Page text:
Quote from mofomeat
I only read the first page of this thread, sorry.
I'm in school right now, and fwiw, there are SO MANY students there that I believe will turn out just like the NG the OP talked about. I see a lot of "I'm so brilliant and awesome and everyone hates me for it" attitude already. They have real problems (such as not showing up for lecture, not doing the homework, not studying, failing tests and turning in college papers that might as well be written by a seven year old), but it just never 'clicks' with them why they're having a hard time in a class while the person next to them is in the top 10%. Hopefully, the actual nursing program will shake some of these out, or maybe it will wake them up and they will work it out and be great.
Meanwhile, I'm often concerned about how I am doing, and whether or not I'm screwing up, or missing something, or fostering a bad attitude about something that will bite me in the ayse later, but I don't realize it because my teachers love me and my grades are good. :P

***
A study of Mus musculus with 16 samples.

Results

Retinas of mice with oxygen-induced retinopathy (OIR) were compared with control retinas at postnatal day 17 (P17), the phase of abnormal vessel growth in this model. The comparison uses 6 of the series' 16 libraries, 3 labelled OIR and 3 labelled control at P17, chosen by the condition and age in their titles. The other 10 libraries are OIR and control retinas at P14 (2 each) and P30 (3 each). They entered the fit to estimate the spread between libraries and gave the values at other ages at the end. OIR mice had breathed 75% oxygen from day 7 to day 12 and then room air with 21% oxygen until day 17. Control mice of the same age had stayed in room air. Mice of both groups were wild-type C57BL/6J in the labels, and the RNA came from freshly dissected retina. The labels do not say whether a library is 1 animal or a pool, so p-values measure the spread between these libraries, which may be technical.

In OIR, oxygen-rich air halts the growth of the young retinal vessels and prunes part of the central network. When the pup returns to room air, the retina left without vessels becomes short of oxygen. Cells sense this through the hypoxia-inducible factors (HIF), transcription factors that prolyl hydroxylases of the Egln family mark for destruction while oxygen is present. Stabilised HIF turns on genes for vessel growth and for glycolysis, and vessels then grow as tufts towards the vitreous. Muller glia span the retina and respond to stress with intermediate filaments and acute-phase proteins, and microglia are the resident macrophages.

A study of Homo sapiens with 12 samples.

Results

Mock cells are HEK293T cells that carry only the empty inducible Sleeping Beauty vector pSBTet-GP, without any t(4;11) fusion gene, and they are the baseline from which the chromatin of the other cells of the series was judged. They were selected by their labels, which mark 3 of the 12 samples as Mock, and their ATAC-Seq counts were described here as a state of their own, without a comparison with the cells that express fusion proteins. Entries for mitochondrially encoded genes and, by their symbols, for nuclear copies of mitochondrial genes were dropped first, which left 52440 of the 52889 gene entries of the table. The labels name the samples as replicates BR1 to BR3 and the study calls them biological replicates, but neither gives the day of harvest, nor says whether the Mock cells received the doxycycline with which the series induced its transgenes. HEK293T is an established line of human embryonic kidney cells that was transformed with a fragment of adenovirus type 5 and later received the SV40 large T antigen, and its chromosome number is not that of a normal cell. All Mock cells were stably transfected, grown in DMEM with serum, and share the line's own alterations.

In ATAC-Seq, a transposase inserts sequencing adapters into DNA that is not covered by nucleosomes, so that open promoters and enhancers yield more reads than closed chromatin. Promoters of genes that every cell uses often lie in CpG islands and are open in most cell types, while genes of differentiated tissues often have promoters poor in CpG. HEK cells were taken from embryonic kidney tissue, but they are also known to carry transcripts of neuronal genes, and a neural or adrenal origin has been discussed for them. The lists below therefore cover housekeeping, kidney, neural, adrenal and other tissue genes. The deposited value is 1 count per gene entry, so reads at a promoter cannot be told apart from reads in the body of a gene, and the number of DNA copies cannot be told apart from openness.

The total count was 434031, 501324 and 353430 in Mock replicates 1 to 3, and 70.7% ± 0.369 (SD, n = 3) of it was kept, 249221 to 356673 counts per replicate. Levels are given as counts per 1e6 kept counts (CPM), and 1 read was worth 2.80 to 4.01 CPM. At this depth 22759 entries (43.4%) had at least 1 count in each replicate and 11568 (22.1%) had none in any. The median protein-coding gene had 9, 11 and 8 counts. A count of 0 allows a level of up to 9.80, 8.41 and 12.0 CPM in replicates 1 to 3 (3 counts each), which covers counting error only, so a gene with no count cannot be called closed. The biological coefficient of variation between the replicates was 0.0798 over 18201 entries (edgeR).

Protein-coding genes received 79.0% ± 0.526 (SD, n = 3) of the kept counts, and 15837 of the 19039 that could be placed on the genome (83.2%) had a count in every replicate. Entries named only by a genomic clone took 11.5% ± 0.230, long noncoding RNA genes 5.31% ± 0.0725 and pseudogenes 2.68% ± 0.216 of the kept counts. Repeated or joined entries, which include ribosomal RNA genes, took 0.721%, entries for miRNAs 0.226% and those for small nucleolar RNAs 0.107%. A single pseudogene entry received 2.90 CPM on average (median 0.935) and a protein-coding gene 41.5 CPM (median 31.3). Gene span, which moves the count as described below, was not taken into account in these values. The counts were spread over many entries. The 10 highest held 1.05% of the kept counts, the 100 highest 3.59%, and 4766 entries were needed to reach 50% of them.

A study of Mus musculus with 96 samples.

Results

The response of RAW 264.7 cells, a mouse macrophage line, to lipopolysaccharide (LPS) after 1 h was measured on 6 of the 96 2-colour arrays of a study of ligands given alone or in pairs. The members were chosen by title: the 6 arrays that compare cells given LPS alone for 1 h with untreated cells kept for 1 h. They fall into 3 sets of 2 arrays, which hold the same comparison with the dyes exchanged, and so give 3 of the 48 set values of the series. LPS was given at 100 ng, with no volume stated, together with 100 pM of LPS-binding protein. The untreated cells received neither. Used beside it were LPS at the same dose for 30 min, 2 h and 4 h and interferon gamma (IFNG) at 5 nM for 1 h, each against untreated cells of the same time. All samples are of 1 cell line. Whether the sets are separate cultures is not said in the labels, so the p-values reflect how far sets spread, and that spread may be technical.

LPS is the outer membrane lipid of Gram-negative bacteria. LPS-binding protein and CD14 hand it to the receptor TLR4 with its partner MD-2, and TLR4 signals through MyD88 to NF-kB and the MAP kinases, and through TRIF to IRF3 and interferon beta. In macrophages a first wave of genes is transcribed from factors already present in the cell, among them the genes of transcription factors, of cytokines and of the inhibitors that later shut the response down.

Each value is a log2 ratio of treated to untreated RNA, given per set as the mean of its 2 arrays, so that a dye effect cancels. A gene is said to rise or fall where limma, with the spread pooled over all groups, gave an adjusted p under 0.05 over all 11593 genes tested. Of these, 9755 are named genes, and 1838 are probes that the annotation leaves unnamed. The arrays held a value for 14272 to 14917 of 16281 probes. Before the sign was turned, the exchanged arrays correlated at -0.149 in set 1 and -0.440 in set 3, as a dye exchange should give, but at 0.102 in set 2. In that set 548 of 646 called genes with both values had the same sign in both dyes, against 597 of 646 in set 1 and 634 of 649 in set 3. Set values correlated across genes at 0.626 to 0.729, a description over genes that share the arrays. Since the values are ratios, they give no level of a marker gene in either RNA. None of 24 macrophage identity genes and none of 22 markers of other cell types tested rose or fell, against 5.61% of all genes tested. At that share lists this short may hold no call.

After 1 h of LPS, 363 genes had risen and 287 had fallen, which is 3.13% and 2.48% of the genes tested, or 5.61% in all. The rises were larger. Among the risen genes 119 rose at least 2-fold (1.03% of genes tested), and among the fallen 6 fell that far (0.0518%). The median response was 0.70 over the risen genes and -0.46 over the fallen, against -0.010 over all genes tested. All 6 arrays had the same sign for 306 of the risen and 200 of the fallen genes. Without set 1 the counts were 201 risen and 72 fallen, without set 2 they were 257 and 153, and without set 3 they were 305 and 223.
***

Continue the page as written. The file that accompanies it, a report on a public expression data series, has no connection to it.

I could be 10 times worse than they are and not realize it!
They probably love you because
you're concerned about screwing up, or missing something etc
and the good grades are a sign you are listening to what they are saying. Teachers like to succeed, too!
Even on this board it's hard not to notice the similarities in approach used by students who get supportive responses, and those who don't (the ones who wonder why we're so mean) . . .
As far as the what we can learn from the "I was fired for . . .(insert minor mistake)" stories just remember we're only hearing one side. That being said -- I have to agree there seems to be a trend developing of dealing harshly with errors rather than using them as teaching/learning opportunities. Every incident is unique, just like every person, so don't worry too much about that now.